Family Planning: Making the Fundamental Human Right a Reality

Providing for the unmet need for family planning requires not only tearing down the barriers that women and adolescents face in their homes and communities, but also expanding the availability of quality information, supplies and services.

Since the late 1960s, the international community has proclaimed a person's right to family planning, that is the right to decide whether, when and how many times to have children, as well as to the means to exercise this human right. Those means include access to reproductive health care, including contraceptives, information, supplies and services. The right of individuals to determine freely the size of their families was emphasized and expanded by the 1994 International Conference on Population and Development, in Cairo. The Conference also put women at the very heart of population programs.

Yet, in the developing world, an estimated 215 million women who want to delay or avoid their next pregnancy cannot exercise this right as they lack modern contraceptives, resulting in unintended pregnancies, unsafe abortions and more than 100,000 maternal deaths. This is what the family planning summit in July will tackle.

There are many reasons why many women do not or cannot take advantage of family planning. Sometimes, there are obstacles related to weak transportation systems that hamper delivery of contraceptives to women in rural or remote areas. Such obstacles could also be cultural or social. Other times, misinformation about use and safety discourages women from seeking family planning.

In many places, family planning is provided by workers who lack the skills or sensitivity to respectfully, reliably and confidentially dispense advice, information and the full range of contraceptives.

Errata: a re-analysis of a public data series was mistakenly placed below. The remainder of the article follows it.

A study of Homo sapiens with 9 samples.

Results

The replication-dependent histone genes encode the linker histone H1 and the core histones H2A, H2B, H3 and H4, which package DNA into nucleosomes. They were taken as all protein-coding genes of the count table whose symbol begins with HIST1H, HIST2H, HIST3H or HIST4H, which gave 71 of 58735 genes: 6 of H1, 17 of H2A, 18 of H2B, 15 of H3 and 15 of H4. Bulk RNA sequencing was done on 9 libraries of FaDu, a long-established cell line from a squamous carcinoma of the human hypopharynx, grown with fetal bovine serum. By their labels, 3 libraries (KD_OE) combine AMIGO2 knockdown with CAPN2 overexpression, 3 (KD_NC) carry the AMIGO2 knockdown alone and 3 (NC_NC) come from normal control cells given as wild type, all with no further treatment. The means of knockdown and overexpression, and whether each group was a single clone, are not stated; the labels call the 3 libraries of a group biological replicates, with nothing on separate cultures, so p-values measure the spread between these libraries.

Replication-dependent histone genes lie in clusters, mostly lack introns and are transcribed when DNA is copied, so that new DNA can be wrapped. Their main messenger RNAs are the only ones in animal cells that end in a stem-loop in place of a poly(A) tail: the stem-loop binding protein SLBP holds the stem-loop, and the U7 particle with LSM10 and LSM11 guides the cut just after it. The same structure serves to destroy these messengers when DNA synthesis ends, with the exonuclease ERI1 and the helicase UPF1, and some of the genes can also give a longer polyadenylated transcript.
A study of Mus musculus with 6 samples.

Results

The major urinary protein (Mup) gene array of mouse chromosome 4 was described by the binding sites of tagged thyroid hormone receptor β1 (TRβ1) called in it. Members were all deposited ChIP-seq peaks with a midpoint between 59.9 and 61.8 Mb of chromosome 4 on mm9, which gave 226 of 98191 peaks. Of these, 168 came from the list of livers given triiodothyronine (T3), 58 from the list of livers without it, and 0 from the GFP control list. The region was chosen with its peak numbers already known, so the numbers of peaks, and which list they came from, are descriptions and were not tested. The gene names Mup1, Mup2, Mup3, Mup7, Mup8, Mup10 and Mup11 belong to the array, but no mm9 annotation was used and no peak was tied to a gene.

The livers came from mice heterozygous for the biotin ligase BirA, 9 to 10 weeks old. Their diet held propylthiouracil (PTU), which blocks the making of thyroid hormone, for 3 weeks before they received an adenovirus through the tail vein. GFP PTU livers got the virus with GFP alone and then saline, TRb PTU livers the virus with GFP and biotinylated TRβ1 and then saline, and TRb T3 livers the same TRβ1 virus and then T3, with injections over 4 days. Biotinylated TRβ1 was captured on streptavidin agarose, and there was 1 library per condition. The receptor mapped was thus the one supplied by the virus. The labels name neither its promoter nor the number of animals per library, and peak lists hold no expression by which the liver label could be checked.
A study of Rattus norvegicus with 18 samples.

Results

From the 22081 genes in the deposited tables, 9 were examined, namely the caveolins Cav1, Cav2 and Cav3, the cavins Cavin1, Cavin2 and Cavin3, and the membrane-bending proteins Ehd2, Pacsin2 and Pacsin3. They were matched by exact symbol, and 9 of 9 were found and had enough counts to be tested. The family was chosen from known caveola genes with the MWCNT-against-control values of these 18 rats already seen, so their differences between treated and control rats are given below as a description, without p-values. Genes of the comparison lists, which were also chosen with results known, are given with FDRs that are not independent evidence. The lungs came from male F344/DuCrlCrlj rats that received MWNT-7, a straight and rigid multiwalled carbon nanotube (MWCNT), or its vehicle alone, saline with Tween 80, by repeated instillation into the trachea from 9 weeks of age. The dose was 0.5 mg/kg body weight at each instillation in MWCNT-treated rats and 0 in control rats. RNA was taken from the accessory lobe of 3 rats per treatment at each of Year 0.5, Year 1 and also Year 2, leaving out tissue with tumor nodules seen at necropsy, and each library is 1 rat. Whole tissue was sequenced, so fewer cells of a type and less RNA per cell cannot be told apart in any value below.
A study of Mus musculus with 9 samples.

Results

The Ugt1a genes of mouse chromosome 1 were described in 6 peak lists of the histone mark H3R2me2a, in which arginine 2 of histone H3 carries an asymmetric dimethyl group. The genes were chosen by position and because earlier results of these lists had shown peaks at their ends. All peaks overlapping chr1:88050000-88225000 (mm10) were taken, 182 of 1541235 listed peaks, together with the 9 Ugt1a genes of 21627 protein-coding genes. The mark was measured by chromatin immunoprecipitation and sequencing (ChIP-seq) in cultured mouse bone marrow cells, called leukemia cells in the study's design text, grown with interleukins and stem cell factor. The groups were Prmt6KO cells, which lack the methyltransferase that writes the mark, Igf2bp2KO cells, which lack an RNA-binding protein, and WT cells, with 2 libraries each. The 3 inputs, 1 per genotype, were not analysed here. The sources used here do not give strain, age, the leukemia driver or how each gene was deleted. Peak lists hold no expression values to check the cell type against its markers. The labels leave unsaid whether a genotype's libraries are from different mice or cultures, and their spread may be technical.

Women often fear punishment, including violence by their partners or families, or stigma by the community, if they try to use contraception. Many do not have money to pay for services or transportation, or cannot take time away from their families, work or school to take advantage of services, even when they are available.

Modern contraceptive use among adolescents is generally low, and decreases with economic status. Fewer than 5 percent of the poorest young use modern ones. In too many cases, adolescents have no access to accurate information about contraceptives and their side effects. Among women who are married or in partnerships, unmet need for contraception is highest among those aged 15 to 24.

Providing for the unmet need for family planning requires not only tearing down the barriers that women and adolescents face in their homes and communities, but also expanding the availability of quality information, supplies and services. The Guttmacher Institute and UNFPA estimate that meeting the unmet need for modern family planning methods in developing countries would cost about $6.7 billion annually. With $3.1 billion of this total now being invested, we have a shortfall of $3.6 billion.

The need for modern contraceptives is expected to grow by up to 30 percent over the next 15 years, and the needed investments to cover the demand are large. Nevertheless, from a national perspective, universal access to family planning is a critical component for development and the expected returns and other benefits are much larger. Providing contraceptive information and services as part of sexual and reproductive health care can sharply cut unintended pregnancies from 75 million to some 22 million each year. It can reduce the 20 million annual unsafe abortions to about 5.5 million and lower maternal deaths by a third. Also, research shows that when a woman has access to voluntary family planning, she tends to have fewer and healthier children and invests more in their health and education, helping break the cycle of poverty. Furthermore, depending on what services are offered, each dollar invested in family planning can save governments four dollars spent on health, housing, water, sewage and other public services.

But ultimately and, most importantly, access to family planning is a human right. Governments that have ratified international human rights agreements, such as the Convention on the Elimination of All Forms of Discrimination Against Women, have an obligation to honor their commitments and protect human rights.

Denying women the power and means to control the number and spacing of their children would deny them of their human rights to health, life and equal opportunity. The 21st century must enter history as ending that. Each one of us should help speedup that progress.

Dr. Osotimehin is an Under-Secretary-General of the United Nations and Executive Director of UNFPA, the United Nations Population Fund.